In the last 5–10 years, there has been much written and a significant amount of discussion on the topic of the training, education and skills needed by today's safety professional. This has taken the form of journal articles, Professional Development Conference presentations, practice specialty newsletter articles and much informal discussion. Recently the states of California and Massachusetts discontinued their professional engineering licensing programs for safety engineering. For this to be re-established, representatives from the Accreditation Board of Engineering Technology (ABET) have stated that one requirement for offering an examination to license safety engineers, is that at least one university must offer an accredited degree in safety engineering. There are no accredited undergraduate safety engineering degrees currently offered in the United States. This, in and of itself, may be a problem, but there may be an even more basic problem. What is a Safety Engineer (the title is loosely used)? How does that relate or compare to any other type of safety professional? Are they the same? Do they require the same education? While there has been much focus in the safety literature on management issues vs. technical issues, it has not been established what the difference between each type of position may be (safety engineer vs. safety manager). If we are not sure what a safety engineer is, we might have difficulty developing a degree for it.

Much has been written, about what competencies employers are looking for in safety professionals (Fredrick, Winn, Hungate 1999 and Blair 1999). There appears to be a building body of literature suggesting that traditional emphasis on technical topics should be re-evaluated. The positions appear to be equivocal however, but a number of interesting questions are raised.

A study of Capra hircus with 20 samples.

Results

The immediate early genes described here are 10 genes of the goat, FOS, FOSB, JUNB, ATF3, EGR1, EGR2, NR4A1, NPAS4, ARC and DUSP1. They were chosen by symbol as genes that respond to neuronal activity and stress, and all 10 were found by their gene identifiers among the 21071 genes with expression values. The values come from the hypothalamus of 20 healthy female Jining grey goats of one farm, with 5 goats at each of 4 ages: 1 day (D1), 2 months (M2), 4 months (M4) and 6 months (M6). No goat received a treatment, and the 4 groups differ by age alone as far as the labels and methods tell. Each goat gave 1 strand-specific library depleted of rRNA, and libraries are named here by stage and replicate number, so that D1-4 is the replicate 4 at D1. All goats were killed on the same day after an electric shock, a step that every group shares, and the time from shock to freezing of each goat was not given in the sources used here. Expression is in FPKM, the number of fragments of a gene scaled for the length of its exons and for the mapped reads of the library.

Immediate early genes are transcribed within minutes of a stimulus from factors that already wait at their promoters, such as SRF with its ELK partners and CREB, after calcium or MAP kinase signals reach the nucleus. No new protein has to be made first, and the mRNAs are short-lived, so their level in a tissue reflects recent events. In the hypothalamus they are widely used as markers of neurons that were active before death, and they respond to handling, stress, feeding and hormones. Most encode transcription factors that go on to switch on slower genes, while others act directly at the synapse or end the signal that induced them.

Questions for consideration include: Is there such a discipline as safety engineering? Is a professional engineering license in safety engineering necessary? Is an ABET accredited engineering degree in safety engineering needed? Is there a difference in the expectations of a 22-year old college graduate entering the profession as opposed to older, more experienced people entering the profession later in life? If so, should their training be any different? Are there salary or career growth potential differences? There may not be universally accepted answers, but the presenters will establish discussion positions around the questions and then facilitate the roundtable discussion to address the issues and any other concerns. A comparison is made between existing safety curricula and the curricula of other engineering disciplines. The authors also explore the literature on the career paths of safety professionals, safety engineers and those of other types of engineers.


To start the roundtable discussion, the presenters establish discussion positions and in doing so, attempt to define the safety engineering discipline relative to other engineering disciplines according to published literature. This is in an effort to determine if a legitimate safety engineering discipline exists. Suggested definitions for a safety engineer and safety professional are presented for consideration.